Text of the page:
Hillary Clinton seems to have found a way to get people from moving beyond her disastrous “dead broke” claims, but not in a way that is likely to please those voters tired of wars and military interventions. Clinton used an interview this week to criticize the “failure” of President Obama’s policies in Syria and to insist that she wanted a more interventionist military approach. President Obama was quoted responding to such criticism by calling it “horseshit.” It seemed a return to the 2008 election where Clinton campaigned on her hawk credentials in the Iraq and Afghanistan wars — a mistake for many Democratic and independent voters. Recently, she changed her mind and said that the Iraq War was a mistake despite her refusal to listen to a chorus of critics of the war at the time when it was a popular political move. Despite that change, Clinton is suggesting that she would have armed the Syrian rebels and acted more aggressively to stop the Islamic State.
In the interview with prominent foreign affairs writer Jeffrey Goldberg, Clinton attacked Obama’s decision not to quickly and strongly support the Syrian rebels and said that the West Wing’s foreign policy mantra — “Don’t do stupid stuff”— is “not an organizing principle.” She seemed to brush over the fact that that the same course that led us into repeated costly military campaigns or that many of the rebels at the time were found to be committing atrocities like the regime. Then there is the fact that many of our weapons have already ended up in the hands of the Islamic State in places like Iraq — as we saw in Afghanistan with Al Qaeda.
The statements were a replay of Clinton’s much maligned campaign against Obama in 2008 that she was the one who could handle the “3 a.m. phone call.” As someone who supported both the Afghanistan and Iraq wars, many insisted that they did not want any more such calls.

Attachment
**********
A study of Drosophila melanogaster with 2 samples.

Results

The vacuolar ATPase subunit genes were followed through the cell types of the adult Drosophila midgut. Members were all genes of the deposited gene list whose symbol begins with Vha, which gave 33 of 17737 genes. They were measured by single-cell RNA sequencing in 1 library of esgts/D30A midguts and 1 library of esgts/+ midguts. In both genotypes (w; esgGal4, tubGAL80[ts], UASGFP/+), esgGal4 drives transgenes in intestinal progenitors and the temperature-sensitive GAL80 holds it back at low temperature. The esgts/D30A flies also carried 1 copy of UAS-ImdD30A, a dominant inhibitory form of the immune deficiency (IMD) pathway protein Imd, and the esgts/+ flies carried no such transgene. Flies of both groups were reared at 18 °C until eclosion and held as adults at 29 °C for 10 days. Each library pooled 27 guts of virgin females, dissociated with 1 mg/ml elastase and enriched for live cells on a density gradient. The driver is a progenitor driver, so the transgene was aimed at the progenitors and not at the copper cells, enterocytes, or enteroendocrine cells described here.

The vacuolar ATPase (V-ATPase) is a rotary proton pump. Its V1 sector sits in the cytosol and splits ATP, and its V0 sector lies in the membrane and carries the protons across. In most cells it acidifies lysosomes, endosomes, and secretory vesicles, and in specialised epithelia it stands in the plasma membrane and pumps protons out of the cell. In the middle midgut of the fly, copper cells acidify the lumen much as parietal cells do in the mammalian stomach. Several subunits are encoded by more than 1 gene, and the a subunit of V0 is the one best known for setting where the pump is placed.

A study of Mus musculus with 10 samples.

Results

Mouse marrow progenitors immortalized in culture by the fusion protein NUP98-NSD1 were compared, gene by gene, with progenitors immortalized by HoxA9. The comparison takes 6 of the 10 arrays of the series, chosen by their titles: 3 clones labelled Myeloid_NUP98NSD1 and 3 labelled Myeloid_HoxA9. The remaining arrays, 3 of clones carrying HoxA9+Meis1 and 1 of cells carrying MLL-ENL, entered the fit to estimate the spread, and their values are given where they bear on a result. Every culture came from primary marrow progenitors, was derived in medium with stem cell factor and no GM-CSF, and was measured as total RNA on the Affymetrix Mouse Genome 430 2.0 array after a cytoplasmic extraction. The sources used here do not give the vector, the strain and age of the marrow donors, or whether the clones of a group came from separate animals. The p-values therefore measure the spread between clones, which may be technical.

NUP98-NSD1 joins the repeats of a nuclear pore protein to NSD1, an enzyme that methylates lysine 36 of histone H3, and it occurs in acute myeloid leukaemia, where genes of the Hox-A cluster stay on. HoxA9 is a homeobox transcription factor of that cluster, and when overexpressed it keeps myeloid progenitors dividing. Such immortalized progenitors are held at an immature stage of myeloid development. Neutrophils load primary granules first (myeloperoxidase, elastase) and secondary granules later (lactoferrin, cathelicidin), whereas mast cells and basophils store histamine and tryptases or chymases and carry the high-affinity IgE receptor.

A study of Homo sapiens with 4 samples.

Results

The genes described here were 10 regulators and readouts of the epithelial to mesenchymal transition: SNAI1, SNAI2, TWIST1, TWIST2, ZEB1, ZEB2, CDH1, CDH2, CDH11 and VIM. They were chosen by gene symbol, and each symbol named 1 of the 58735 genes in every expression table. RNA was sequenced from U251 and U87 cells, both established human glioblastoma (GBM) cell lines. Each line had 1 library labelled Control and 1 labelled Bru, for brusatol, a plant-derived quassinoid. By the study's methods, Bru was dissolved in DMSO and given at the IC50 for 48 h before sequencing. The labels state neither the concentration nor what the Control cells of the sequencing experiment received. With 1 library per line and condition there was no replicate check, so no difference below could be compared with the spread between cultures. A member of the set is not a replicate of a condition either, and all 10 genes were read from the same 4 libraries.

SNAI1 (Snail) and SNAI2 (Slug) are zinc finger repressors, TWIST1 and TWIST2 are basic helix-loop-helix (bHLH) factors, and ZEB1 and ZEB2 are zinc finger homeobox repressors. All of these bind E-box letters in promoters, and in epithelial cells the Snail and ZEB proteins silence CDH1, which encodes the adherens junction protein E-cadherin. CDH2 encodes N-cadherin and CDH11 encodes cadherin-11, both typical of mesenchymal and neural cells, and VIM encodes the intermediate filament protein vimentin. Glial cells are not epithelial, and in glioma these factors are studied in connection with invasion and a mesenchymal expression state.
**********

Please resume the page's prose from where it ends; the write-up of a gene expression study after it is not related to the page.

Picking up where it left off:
The change in strategy and message may not be coincidental. A major poll this month by NBC/Wall Street Journal poll showing Obama’s approval rating at an “all-time low.” The interview was widely viewed as designed to separate Clinton from the declining fortunes of both Obama and the Democratic Congress.
Putting aside the timing, Clinton has repeatedly shown herself to be closer to George W. Bush than Obama on military interventions. She used the interview to reaffirm her absolute support for Israel and her credentials in committing U.S. military resources in foreign conflicts.
Nevertheless, while criticizing Clinton on the attack against Obama and interventionist drumbeat, liberal writers like Joan Walsh at Salon.com are still cited in the article below as still expecting to support Clinton for the next president. It is part of a continuing rift on the left of our political spectrum. It is not clear what are the dominant values of the Democratic Party going into this election. Civil liberties and war issues used to be a rallying point for liberals. However, those issues have been seriously undermined by the Obama Administration and the Clinton campaigns in 2008 and 2014. Clearly, some agree with Clinton’s hawkish views and others are drawn to the chance of electing a female, even one with opposing views. However, there remains a remarkably fluidity in the defining values for the party going into the election beyond the dominant blue state/red state rhetoric that the Republicans are simply worse. That narrative is clearly not working but seems to be the only theme upon which the party is advancing consistently. There is the immigration issue but that has proven extremely risky and does not appear to have paid off politically. Indeed, some black leaders and voters have publicly opposed the effort by Democratic members to push for legalizing the status of millions of undocumented individuals. We are, as the Chinese curse says, living in interesting times.